A faded reflection of its former self.
Review written by
March 6th, 2013
When I first started looking at screens and videos for Castlevania: Lords of Shadow: Mirror of Fate (what a long title) I was a little disappointed to see that Konami had not returned to the classic 2D sprite-based gameplay of the classic Castlevania games. While it is not quite as good or fleshed out as its older incarnations, this entry in the series will help pass the time and hopefully introduce more people to one of my favorite franchises of all time.
Castlevania: Lords of Shadow was sort of a reboot of the series released on the Xbox 360 and PS3. The entire timeline had started over from the beginning and the gameplay was changed from a 2D Metroid style game where you explore a castle, to a 3D hack and slasher with stylized characters.
Now, Castlevania has found its way back onto handhelds, still retaining the new lore, art style, and to a degree gameplay of the console Lords of Shadow, while reintroducing some of the elements that made people love the series to begin with. However, this new hybrid game unfortunately showcases the worst of both game types rather than the best.
To elaborate, what many people enjoyed about the Lords of Shadow game on consoles was the fluid, fast paced combat that was very similar to something like God of War with its whip-based combat. In Mirror of Fate the characters and environments are 3D models but the gameplay happens in 2D (similar to Street Fighter IV). The problem occurs when you realize they tried to get this fast paced combat to work on a relatively tiny screen in a 2D plane. Your combat abilities are far too limited to please a hack and slash junkie but there is enough variety to form powerful combos and fast movement. Throughout the game you need to be dodging enemy attacks not blocking them and later on some of the enemies give you very little time to react - so by the time you see the attack coming you are locked in to an attack animation and are forced to take it, which, at the higher level of difficulty, is unacceptable. Some people are saying the controls are terrible, but I think that is going a little too far. I suppose it's worth mentioning that I am playing on a 3DS XL which makes gaming with adult hands much easier.
The most popular aspects of the 2D games were the exploration of Dracula's castles, the Metroid style gameplay, and the simple yet very responsive controls. But alas, these are lost as well. This time around Dracula's castle seems dark and uninspired. Before you had a huge variety of locations ranging from caves to nightmare worlds. Now, you still have caverns, libraries, dungeons and other 'spooky' castle-type locations but they feel more like someone is going down a checklist and stringing all these places together. In something like Symphony of the Night you had a very precise map that showed you the shape of the area you were in as well as how it fit in with the rest of the castle. If you got a new ability that allowed you to take a shortcut through a door to another room, you knew exactly where you were going to end up. Now the map is just areas connected together by lines. So instead of being this amazing map that is interconnected and complex you feel like you are just being strung along from required battle to required battle. They try to remedy this in Mirror of Fate by adding chests similar to the ones found in God of War that boost your maximum health and hiding those in areas of the map you can't access until you have the right power. The problem with this is that backtracking is time consuming and annoying and the reward is laughable. It's like the developers thought that people would backtrack for backtracking's sake, not to explore and find new pathways to old and new areas.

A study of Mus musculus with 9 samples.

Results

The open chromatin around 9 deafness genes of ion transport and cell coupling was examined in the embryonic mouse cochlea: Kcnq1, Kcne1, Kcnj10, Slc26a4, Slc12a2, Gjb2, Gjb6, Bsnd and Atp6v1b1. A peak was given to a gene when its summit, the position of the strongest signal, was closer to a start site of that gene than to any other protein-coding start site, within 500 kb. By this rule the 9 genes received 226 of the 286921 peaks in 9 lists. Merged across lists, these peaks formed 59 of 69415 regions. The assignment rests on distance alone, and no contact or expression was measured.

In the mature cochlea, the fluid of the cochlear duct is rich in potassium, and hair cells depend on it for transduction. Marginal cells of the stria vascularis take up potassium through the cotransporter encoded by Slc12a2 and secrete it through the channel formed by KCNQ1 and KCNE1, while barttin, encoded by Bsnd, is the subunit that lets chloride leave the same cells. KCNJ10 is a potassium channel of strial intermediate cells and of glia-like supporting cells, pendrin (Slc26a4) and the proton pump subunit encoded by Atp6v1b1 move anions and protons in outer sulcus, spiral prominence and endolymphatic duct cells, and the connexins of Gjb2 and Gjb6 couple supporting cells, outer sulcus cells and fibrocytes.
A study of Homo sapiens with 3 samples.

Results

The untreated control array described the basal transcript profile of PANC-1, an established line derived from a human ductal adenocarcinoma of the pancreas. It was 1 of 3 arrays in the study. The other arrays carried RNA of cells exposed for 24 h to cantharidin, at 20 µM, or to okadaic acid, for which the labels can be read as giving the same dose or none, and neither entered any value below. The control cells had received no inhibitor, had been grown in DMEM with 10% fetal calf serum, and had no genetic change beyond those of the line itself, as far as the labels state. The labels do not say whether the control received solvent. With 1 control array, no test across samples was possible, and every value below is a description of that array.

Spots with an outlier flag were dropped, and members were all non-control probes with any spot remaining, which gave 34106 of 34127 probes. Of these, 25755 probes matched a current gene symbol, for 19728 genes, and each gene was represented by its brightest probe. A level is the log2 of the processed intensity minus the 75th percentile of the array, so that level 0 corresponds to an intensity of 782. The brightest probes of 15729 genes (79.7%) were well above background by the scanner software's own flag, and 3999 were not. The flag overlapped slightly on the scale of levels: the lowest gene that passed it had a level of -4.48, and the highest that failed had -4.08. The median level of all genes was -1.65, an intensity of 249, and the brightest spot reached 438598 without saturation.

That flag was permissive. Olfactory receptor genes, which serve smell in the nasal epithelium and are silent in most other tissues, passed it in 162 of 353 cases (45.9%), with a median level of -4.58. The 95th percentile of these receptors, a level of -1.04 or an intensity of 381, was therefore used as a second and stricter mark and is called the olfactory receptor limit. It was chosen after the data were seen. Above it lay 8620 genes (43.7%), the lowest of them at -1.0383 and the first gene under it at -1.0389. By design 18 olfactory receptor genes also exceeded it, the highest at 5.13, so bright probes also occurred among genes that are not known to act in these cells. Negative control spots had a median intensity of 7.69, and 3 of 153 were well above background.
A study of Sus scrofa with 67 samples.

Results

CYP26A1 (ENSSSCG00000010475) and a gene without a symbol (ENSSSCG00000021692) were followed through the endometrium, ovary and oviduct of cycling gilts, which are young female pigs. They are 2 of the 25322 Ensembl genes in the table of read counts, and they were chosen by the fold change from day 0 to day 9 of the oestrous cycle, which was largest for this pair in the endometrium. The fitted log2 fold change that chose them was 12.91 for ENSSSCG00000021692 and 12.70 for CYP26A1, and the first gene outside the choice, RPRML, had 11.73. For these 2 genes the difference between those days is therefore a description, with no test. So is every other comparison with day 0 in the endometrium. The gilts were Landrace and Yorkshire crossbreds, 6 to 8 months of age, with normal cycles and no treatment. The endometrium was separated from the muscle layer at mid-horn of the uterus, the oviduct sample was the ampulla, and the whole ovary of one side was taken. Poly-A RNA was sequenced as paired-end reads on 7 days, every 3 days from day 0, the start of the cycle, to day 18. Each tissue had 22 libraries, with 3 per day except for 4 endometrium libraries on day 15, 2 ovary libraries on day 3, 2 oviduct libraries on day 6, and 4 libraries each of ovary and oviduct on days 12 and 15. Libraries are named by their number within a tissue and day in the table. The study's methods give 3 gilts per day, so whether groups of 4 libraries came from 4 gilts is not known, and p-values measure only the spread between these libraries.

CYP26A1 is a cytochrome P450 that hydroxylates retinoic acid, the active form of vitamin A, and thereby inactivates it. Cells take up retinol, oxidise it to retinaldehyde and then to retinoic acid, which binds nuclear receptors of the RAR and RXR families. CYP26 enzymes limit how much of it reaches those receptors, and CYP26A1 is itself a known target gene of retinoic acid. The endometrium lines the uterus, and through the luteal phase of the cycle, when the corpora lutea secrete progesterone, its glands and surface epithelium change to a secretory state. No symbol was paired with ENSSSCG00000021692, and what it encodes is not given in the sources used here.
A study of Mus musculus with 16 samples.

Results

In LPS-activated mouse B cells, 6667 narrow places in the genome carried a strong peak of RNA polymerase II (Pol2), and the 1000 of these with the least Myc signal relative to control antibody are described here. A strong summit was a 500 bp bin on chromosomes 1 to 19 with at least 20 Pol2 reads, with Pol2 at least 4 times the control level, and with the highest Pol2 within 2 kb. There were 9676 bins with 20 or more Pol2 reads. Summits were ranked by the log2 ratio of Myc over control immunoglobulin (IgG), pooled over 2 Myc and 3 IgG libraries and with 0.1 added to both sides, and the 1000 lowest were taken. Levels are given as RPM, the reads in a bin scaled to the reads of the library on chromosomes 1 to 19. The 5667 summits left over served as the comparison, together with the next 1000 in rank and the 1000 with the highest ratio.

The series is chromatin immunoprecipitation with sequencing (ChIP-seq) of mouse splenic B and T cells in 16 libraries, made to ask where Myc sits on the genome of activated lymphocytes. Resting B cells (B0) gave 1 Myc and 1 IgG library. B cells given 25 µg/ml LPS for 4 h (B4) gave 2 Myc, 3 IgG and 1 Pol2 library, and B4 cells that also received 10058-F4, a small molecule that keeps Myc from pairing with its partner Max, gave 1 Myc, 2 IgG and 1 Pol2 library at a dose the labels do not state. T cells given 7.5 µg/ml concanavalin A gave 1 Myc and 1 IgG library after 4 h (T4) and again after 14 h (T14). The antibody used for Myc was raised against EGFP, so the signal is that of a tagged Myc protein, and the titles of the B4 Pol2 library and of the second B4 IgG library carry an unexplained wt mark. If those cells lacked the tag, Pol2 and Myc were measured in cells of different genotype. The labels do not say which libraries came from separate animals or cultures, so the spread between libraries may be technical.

The environments and aesthetics of Mirror of Fate leave a lot to be desired. Instead of having a beautiful Eastern European meets Asian art style, we now have characters that wouldn't look out of place in a 1980s hair band. That, plus the cel-shaded art style in the cut-scenes only further the sense that this is a faded reflection of what Castlevania used to be. I will say though, if you do play Mirror of Fate, use headphones because the speakers on the 3DS do not do the music justice. I feel like the overall quality of the game does not warrant its $40 cost, something like $20 would be much more suited.
All of that being said, I didn't absolutely hate the game. I still had fun running through Dracula's castle, hearing that gothic music and slaying monsters with my whip. If anything, I think it's a testament to just how good the Castlevania series is if Mirror of Fate is as enjoyable as it is even with all of its flaws.
You're keen to post a comment, but you need to log in first.
Wii's World has teamed up with Enjoy Gaming to give you a chance to win download codes for three of their new games on DSiWare. You could win a code for one of the following:
** Entrants must be in an NoA region (USA, Canada, Mexico or Brazil) **
Super Metroid review
"Super" would be an understatement.
Sonic Lost World review
A new spin on speedy platforming.
Rage of the Gladiator review
The Legend of Zelda: The Wind Waker HD review
Waking up the Wii U.
Pokemon X review
Pokemon undergoes its biggest evolution yet.
Moshi Monsters: Katsuma Unleashed
Released on November 5th, 2013
Wii's World is not officially affiliated with Nintendo! (but they wish we were).